On Hardball, Chris Matthews reacted in apparent surprise to former presidential adviser David Gergen's reference to a widely reported incident from newly elected House Majority Leader John Boehner's past -- which MSNBC had reported earlier that day. Boehner drew criticism in 1995 for distributing checks from a tobacco political action committee on the House floor before a key vote on a tobacco issue.
On his radio show, Bill O'Reilly falsely claimed that Democrats took campaign contributions from former Washington lobbyist Jack Abramoff. When a caller noted his false claim, O'Reilly stated: "So you are a Kool-Aid drinker who is blinded by whatever neurosis you have, because that's just insane." As Media Matters for America has documented, only Republicans received direct contributions from Abramoff.
On MSNBC's Hardball, National Review White House correspondent Byron York claimed that Osama bin Laden, in a 2004 videotape, "suggested that ... if states vote against Bush, then we'll [Al Qaeda] protect you in the future." York's comment was apparently based on a translation by the Middle East Media Research Institute indicating that bin Laden threatened the individual U.S. states not to vote for President Bush, but that translation has been disputed by numerous scholars and experts.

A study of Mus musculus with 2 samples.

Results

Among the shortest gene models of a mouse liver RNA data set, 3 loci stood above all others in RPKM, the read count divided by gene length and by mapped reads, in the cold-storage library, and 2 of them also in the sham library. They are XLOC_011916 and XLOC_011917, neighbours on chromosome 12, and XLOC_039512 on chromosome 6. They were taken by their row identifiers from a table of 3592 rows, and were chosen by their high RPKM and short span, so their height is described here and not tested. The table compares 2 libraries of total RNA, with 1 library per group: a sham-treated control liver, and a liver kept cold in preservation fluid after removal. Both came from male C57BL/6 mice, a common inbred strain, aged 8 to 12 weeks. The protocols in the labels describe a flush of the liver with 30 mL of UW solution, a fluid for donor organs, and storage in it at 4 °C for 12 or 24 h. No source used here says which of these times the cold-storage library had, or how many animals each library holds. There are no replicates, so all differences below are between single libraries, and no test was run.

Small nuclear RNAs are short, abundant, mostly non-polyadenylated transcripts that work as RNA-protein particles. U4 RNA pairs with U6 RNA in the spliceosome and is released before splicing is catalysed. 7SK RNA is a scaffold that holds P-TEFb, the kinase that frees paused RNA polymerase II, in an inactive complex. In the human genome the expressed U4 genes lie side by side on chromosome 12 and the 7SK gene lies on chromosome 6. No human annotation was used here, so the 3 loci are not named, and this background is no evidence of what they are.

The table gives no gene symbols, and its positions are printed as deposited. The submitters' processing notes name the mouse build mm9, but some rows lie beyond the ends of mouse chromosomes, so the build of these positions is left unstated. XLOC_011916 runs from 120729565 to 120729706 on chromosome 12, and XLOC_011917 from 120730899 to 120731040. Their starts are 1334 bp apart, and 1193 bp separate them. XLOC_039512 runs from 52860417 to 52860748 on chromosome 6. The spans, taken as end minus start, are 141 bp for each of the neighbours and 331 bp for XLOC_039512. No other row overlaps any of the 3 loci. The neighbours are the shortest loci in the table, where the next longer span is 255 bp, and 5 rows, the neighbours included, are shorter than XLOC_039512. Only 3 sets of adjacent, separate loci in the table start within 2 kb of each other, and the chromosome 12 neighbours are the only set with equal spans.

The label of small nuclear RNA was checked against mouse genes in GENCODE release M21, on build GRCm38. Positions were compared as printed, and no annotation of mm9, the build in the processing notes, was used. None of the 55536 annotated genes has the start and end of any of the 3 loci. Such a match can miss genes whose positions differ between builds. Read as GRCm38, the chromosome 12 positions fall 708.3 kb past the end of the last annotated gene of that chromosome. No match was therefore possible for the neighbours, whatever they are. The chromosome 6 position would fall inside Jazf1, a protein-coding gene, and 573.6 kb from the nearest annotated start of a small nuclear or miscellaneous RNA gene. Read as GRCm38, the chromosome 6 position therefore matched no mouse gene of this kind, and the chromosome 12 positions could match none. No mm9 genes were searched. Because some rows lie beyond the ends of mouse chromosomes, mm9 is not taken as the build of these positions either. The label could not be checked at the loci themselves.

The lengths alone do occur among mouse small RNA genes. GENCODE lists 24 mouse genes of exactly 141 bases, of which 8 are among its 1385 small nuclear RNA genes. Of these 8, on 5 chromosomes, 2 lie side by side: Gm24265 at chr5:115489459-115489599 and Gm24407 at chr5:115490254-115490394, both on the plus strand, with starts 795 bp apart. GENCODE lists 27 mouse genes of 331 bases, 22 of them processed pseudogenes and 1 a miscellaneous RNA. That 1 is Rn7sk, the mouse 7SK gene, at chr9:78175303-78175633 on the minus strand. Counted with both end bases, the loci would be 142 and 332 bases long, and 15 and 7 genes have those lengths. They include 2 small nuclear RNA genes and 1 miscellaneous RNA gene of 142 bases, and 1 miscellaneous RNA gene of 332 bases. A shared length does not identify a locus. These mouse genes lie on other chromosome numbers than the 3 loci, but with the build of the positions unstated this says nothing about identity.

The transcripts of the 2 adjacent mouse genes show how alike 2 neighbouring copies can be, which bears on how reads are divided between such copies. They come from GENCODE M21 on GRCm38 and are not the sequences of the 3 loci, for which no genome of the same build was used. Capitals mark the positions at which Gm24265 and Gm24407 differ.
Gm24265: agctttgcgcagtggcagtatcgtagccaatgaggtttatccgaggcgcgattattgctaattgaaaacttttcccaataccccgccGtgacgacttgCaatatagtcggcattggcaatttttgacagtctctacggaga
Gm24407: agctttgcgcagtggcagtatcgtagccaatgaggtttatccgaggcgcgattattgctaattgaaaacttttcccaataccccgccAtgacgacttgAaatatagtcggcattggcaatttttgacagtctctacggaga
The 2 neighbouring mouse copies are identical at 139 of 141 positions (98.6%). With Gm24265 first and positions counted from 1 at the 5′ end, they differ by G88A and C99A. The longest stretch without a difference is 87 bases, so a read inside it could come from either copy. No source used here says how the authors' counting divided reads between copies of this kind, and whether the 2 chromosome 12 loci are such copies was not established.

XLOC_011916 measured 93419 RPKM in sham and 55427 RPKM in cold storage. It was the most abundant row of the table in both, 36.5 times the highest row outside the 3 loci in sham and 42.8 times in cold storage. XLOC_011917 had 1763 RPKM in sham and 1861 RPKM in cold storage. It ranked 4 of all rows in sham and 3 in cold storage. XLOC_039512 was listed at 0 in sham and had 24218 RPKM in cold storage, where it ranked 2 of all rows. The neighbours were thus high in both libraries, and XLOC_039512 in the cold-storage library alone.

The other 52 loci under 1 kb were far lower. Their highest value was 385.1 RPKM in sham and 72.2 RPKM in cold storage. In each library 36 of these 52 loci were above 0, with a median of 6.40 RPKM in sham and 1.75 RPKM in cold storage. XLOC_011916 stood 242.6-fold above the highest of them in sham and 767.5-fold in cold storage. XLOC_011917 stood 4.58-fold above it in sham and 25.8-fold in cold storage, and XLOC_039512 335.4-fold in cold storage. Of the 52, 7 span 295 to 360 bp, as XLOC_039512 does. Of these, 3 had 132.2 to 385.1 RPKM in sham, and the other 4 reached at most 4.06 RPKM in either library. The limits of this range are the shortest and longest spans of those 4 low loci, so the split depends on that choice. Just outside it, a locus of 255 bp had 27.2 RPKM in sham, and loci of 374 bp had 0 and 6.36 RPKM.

MSNBC host Chris Matthews asked "[D]on't you have to be a real ideologue, a real partisan to believe that one party's more crooked than the other?"
New York Times reporter Anne E. Kornblut falsely stated that Democrats accepted campaign contributions from indicted former lobbyist Jack Abramoff. In fact, only Republicans received contributions directly from Abramoff, according to the Center for Responsive Politics.